China may or may not have surpassed the United States in the number of citizens online this year. It all depends, of course, as The Wall Street Journal's Carl Bialik explains, on how you count them, and how you counted them last year. Or whether the U.S. government has bothered to make any kind of count in the last five years (it hasn't).
In the end, it matters little. Either it has taken first place, or it will, and it'll say it has either way.
In the short term, however, the user numbers that governmental agencies choose to accept could play a large part in the ongoing drama of Microsoft's attempt to take over Yahoo.
Because of Yahoo's 40 percent stake in Chinese e-commerce and search site Alibaba.com, reports The New York Times, a Chinese law that will go into effect on August 1, 2008, could bring as much scrutiny to the proposed deal from that country as from regulatory bodies in the U.S. and Europe. The Times adds that the regulatory body could also investigate national security issues, a facet that might be even more likely after Chinese Huawei Technologies was prevented by the U.S. Committee on Foreign Investment from investing in 3Com on national security grounds.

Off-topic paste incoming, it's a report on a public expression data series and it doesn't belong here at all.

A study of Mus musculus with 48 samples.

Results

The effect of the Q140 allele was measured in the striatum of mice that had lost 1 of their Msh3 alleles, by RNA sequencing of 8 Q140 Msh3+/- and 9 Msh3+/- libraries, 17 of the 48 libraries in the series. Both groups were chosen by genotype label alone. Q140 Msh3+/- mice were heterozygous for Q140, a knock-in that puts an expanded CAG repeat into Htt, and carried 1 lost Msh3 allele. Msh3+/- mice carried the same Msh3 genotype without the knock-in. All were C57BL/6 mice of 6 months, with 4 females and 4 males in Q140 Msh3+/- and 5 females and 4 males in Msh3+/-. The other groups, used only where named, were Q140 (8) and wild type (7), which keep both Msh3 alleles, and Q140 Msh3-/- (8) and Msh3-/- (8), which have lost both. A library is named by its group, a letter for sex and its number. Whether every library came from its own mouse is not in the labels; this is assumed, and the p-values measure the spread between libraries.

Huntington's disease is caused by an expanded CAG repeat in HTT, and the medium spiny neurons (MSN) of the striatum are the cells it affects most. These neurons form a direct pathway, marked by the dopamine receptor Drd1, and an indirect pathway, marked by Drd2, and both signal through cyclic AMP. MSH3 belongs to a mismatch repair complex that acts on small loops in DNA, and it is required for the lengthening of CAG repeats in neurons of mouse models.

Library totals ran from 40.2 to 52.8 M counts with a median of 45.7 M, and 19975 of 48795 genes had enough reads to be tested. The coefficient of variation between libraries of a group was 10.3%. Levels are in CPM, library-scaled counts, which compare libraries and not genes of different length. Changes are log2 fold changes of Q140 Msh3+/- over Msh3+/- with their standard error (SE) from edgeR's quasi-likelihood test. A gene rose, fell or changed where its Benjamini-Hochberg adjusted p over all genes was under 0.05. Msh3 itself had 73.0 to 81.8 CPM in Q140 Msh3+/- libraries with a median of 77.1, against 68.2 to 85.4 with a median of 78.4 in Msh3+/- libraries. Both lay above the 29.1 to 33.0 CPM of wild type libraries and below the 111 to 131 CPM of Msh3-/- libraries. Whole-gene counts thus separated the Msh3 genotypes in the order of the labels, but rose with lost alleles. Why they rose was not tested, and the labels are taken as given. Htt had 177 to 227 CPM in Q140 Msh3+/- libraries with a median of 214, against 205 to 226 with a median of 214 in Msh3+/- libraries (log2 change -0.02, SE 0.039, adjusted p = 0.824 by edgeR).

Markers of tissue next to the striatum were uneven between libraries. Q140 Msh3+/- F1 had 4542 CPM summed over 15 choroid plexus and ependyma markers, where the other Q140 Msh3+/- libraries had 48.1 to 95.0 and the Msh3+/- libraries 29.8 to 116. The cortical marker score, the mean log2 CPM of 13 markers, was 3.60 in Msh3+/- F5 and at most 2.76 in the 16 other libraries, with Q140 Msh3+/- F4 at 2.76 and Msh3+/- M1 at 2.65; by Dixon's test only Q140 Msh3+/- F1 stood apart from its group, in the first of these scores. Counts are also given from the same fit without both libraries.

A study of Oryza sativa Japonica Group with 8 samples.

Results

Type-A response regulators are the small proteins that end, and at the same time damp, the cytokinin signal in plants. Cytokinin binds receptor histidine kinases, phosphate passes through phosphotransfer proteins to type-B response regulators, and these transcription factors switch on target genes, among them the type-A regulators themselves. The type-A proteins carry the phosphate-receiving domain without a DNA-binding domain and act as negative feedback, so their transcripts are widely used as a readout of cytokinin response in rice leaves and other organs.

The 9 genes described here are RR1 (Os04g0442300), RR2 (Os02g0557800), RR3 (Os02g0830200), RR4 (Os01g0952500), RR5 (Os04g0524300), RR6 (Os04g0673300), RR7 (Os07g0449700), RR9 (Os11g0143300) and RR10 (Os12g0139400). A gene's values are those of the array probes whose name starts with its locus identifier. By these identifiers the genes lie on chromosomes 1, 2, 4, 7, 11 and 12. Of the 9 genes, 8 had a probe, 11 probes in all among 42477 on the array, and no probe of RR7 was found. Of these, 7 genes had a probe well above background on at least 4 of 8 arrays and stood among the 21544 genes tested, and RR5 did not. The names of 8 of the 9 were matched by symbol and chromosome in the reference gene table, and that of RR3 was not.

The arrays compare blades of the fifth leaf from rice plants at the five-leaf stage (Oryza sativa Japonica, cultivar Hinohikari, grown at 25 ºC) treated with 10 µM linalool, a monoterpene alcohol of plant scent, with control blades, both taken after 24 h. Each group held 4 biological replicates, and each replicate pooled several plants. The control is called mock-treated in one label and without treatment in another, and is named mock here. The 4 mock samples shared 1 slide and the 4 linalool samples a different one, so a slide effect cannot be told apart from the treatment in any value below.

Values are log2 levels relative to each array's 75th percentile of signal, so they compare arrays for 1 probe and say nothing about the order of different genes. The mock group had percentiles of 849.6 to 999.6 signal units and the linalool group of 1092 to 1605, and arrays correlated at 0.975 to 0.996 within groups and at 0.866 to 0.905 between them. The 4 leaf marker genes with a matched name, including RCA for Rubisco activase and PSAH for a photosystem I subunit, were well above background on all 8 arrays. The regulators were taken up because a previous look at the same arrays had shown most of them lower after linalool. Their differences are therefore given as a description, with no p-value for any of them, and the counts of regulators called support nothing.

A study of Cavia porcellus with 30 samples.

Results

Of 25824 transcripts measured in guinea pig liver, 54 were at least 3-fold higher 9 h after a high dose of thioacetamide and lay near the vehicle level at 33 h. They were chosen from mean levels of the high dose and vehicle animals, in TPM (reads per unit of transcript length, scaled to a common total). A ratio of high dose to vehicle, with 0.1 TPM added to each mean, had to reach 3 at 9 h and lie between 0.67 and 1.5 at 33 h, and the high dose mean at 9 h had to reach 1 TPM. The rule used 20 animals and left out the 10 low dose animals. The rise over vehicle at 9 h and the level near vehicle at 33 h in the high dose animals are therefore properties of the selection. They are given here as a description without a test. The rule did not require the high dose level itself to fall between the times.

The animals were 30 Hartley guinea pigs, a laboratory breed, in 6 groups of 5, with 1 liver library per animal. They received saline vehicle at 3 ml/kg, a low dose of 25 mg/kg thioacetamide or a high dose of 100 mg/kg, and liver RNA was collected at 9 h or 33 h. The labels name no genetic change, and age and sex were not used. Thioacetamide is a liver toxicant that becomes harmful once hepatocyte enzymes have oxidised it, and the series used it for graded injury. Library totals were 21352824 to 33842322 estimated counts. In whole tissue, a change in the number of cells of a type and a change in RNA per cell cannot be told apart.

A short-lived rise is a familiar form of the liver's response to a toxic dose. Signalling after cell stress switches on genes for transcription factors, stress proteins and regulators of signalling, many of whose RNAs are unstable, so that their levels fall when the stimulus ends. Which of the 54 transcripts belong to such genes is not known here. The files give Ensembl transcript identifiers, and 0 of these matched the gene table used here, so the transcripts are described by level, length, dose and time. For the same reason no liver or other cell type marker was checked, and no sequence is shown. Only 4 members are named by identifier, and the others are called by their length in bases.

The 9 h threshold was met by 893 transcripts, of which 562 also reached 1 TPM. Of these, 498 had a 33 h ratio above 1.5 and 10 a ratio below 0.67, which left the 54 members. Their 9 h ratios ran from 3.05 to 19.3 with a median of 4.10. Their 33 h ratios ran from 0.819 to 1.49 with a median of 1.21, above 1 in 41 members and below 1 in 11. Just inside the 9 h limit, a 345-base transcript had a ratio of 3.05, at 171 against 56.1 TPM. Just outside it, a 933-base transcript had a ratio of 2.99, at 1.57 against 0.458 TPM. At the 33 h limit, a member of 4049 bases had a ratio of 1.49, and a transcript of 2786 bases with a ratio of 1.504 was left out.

At the same time, Alibaba executives are investigating the possibility of buying back Yahoo's stake in the company, which is allowed in the deal, using investments from a number of sources, many of them Chinese. And Yahoo CEO Jerry Yang, of course, last week emphasized the underestimated and unknown value and potential in the Alibaba holding in the investor presentation that's been making the rounds ahead of first-quarter reporting.
In light of both of these issues, ZDNet's Larry Dignan asks what Yahoo is worth to Microsoft without Alibaba. His answer: Well, we still don't know, but Microsoft sure as heck isn't going to up its bid from the $31 per share offered.